TV-DVD player combos are simpler to set up and use than separate components. However, some TV-DVD player combos are more versatile than others, and buying a separate TV and DVD player has some advantages of its own. Here are some things to consider:

  • The more HDMI inputs, the better. This connection keeps the signal all-digital, avoiding degradation that can occur when a digital signal is converted to analog for output to a TV. HDMI carries high-definition audio as well as video. Some satellite receivers and digital cable boxes can connect through this port as well.
  • Look for a PC input if you plan to use the TV-DVD combo as a computer monitor. TV-DVD combos are popular for dorm rooms and teenagers' bedrooms, and that's especially true for models that can double as PC monitors. Many TV-DVD combos, especially smaller ones, have the same native resolution as similarly sized widescreen computer monitors.
  • Format support is limited. The DVD or Blu-ray Disc players in TV-DVD combos are often not as full featured as better standalone decks. Disc and file format support is often not very broad. Some players won't playback DVD+R/RW discs, for instance (see our report on DVD players for more on DVD disc formats). In addition, while the disc players in TV-DVD combos will play back legally recorded copies of CDs and DVDs that you burn on your computer, most have limited to no support for other computer file formats.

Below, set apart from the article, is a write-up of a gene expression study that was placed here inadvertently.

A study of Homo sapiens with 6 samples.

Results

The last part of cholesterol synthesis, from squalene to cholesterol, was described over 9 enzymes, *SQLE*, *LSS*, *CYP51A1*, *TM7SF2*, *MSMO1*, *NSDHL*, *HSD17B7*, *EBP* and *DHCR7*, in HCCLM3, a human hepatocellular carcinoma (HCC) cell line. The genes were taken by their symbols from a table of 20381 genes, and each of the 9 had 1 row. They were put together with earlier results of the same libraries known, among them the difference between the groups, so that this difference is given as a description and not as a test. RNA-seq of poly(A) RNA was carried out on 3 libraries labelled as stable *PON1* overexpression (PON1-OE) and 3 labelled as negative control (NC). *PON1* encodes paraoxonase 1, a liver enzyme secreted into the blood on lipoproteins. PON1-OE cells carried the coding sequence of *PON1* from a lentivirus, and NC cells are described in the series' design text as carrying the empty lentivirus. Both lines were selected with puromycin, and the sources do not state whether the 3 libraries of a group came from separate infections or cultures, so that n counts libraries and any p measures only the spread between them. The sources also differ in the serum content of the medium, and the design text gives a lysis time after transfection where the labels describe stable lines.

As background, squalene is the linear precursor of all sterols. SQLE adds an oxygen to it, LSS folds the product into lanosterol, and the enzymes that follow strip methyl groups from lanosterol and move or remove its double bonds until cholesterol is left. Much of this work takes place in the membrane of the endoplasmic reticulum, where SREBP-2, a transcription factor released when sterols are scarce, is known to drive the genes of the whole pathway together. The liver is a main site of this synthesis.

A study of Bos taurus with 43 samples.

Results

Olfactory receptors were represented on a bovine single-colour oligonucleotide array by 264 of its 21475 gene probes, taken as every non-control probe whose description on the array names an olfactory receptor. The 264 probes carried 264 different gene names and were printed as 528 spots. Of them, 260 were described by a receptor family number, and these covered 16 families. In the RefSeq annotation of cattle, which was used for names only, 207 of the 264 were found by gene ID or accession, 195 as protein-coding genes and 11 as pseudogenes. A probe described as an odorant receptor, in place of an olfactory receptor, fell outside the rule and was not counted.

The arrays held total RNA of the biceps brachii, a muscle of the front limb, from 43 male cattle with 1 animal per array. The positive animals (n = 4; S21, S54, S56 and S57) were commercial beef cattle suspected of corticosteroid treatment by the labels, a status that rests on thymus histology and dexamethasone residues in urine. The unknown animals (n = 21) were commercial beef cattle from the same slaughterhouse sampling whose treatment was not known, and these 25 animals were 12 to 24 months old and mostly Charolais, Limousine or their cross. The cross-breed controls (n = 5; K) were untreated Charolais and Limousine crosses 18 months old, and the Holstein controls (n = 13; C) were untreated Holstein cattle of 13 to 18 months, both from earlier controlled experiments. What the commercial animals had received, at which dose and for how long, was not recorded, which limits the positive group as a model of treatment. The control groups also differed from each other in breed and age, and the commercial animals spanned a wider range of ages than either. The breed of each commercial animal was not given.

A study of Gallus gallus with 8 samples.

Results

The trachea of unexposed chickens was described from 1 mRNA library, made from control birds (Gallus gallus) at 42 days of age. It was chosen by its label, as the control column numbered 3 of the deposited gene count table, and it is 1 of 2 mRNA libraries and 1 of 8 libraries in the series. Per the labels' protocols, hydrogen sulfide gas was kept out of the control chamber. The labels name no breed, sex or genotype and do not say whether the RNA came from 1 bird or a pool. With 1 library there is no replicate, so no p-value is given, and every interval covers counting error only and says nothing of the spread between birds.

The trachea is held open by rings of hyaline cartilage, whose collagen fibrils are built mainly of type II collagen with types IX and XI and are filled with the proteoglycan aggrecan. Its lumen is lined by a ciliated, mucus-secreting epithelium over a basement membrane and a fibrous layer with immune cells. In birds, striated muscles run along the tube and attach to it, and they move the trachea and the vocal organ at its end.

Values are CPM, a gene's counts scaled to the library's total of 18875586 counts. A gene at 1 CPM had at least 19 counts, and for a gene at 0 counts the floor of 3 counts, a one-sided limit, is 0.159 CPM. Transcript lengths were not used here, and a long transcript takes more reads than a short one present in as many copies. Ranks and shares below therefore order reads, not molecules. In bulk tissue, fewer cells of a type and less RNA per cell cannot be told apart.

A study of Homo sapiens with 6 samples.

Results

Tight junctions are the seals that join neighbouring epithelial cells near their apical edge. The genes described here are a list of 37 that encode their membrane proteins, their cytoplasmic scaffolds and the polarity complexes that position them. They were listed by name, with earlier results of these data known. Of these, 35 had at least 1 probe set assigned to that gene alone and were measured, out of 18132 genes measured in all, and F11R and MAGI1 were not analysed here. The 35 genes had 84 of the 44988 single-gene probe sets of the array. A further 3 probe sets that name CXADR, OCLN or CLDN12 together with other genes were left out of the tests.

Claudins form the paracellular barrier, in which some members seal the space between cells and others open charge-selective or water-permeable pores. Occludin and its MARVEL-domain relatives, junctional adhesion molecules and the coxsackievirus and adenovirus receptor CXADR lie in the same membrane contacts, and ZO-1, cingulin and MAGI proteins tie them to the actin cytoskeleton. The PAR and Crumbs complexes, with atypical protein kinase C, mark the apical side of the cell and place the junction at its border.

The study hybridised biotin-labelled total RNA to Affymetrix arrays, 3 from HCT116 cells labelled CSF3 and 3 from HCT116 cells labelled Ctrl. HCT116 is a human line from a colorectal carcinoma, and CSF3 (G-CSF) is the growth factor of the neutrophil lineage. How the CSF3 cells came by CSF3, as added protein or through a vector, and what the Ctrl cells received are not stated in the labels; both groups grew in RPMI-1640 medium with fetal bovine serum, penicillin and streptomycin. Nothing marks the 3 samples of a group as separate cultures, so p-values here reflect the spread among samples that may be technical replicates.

• Shop around for the best price. In our research, we found big price differences from retailer to retailer, so it pays to look around.
  • Check the manufacturer's policy before buying online. Some manufacturers have strict policies regarding authorized dealers. For example, if you buy a Sharp TV-DVD combo from an unauthorized dealer, you'll probably void the manufacturer's warranty. However, the retailer may offer a substitute warranty. Be sure to calculate your threshold for risk on such a large purchase and to ask the dealer about warranty coverage.
  • Consider buying separate components. While TV-DVD combos have space-saving advantages, they also have some significant disadvantages. One is that if the DVD player breaks, it can't just be replaced.
  • HDTV-Blu-ray player combos are now available. These let you play high-def Blu-ray Discs as well as older standard-definition DVDs. However, they are more expensive than TV-DVD combos, and the full benefit of increased resolution might not be obvious on smaller (less than 40 inches) screen sizes.
  • LED backlights are starting to appear. While LCD TVs with LED backlights (sometimes called LED TVs) are becoming commonplace in standalone LCD TVs, they are only now starting to appear in TV-DVD combos. Up to now, most LCD TVs have used CCFL (cold cathode fluorescent lamp) backlights. LED backlights are more energy efficient and allow for a thinner case. Their chief downside is a tendency toward uneven illumination, especially those that use the less expensive edge-lit design.